State v. Ames involved a traffic stop that led to a DUI investigation. The defendant's daughter Amanda Ames and her two minor children were in the car at the time. The Court of Appeals recited the procedural facts as follows:
At the trial, the prosecutor questioned Deputy Taylor on direct examination regarding the traffic stop and about a conversation he had with Amanda Ames. The court admitted testimony by Deputy Taylor regarding statements made to him by Amanda Ames about the names and ages of her children, who were in the back seat of Mr. Ames' vehicle. The children were the victims in the counts charging Mr. Ames with aggravated endangering a child. This testimony was admitted despite a hearsay objection by defense counsel. The prosecutor assured the court that the declarant, Amanda Ames, was available for cross-examination.
The COA held that the district court should have granted the mistrial:
The prosecutor was allowed to obtain hearsay evidence from Deputy Taylor having a direct bearing on the elements of the crimes with which Mr. Ames was charged, based upon the prosecutor's assurances that Amanda Ames was available for cross-examination. The prosecutor then obtained direct examination testimony bearing on these same elements from Amanda Ames before the prosecutor advised the trial judge that Amanda Ames was also facing charges.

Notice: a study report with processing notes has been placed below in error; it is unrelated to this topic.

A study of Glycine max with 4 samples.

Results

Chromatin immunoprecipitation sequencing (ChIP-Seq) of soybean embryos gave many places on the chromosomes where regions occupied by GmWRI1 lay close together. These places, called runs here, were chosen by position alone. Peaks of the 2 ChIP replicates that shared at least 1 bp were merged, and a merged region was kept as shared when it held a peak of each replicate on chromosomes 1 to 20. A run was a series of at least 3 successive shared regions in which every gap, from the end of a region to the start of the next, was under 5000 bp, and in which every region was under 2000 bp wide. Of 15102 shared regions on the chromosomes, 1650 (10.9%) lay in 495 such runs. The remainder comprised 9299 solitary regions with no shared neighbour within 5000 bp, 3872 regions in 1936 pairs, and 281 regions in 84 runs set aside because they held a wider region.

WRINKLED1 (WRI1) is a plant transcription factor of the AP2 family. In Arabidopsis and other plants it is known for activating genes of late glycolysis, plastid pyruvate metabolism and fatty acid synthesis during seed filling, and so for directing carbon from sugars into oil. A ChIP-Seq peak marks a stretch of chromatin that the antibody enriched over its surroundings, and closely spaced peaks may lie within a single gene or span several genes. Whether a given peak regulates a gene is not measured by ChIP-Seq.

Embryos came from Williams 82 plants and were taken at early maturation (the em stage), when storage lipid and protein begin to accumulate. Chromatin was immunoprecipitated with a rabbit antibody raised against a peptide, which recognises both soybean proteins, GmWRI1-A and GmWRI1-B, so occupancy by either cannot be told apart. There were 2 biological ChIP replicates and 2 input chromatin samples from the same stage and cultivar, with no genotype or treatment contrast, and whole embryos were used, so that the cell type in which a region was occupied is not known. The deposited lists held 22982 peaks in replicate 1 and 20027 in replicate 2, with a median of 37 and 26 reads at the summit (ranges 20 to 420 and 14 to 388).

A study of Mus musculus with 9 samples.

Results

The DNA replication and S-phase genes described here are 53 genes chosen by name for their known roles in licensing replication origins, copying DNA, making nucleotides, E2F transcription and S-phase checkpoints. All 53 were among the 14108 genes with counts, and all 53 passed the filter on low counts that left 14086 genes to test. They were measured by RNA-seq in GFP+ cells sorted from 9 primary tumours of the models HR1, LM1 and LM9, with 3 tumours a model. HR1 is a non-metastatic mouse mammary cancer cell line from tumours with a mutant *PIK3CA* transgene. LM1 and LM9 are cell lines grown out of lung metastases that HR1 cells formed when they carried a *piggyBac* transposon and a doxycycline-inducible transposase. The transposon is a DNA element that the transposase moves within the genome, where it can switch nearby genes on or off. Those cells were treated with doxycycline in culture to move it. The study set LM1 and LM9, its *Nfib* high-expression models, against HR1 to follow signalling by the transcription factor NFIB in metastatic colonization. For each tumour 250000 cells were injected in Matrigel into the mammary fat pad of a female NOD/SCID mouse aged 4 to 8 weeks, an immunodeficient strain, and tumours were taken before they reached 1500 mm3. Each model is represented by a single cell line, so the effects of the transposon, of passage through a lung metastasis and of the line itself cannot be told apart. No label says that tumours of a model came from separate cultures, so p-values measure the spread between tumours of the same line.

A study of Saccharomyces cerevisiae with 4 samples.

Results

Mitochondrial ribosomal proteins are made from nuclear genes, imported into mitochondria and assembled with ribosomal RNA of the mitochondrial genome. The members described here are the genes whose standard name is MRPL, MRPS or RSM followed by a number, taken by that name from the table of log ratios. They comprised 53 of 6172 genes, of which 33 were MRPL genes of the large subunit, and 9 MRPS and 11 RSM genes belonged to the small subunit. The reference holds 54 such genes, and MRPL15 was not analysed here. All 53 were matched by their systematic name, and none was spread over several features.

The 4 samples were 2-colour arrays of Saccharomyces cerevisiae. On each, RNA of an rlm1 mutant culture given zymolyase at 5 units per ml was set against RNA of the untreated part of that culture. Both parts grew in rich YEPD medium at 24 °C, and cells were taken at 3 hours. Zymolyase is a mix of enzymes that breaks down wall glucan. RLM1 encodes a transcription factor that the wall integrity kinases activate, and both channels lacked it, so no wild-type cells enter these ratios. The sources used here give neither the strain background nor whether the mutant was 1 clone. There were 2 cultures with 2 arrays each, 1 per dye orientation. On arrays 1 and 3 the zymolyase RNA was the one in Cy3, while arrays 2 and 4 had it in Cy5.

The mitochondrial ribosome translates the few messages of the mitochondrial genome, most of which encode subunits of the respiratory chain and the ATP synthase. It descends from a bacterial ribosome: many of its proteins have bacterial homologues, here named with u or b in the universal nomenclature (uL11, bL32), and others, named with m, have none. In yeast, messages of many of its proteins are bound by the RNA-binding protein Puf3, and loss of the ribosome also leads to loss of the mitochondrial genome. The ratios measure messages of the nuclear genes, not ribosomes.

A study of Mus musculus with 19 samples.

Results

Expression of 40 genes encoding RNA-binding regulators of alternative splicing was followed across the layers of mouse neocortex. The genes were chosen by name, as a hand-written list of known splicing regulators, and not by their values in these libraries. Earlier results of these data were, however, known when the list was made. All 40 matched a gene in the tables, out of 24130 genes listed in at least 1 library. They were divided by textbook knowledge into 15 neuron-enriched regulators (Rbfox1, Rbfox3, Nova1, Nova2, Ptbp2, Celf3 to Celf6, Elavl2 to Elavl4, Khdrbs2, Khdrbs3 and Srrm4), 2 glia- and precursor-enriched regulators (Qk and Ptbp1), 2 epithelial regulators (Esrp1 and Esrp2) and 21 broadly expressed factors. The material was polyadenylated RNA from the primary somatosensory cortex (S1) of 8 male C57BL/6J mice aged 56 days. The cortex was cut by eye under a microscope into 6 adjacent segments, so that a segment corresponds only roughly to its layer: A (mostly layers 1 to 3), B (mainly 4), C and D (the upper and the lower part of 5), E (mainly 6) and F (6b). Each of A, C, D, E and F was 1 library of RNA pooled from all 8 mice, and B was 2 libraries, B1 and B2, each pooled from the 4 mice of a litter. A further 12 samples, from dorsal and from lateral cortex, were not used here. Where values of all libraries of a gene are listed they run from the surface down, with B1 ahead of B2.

The defendant was denied the right to confront the key witness against him. The prosecutor clearly owed a duty of candor to the trial court to disclose that Amanda Ames was facing child endangerment charges arising out of the same set of facts before the court was led to believe she was available as a witness. The prosecutor violated her duty of candor to the court, and the prejudice flowing to the defendant, Gary Ames, was so substantial that a mistrial was the only appropriate remedy. See Kansas Rule of Professional Conduct 3.3 (2011 Kan. Ct. R. Annot. 559).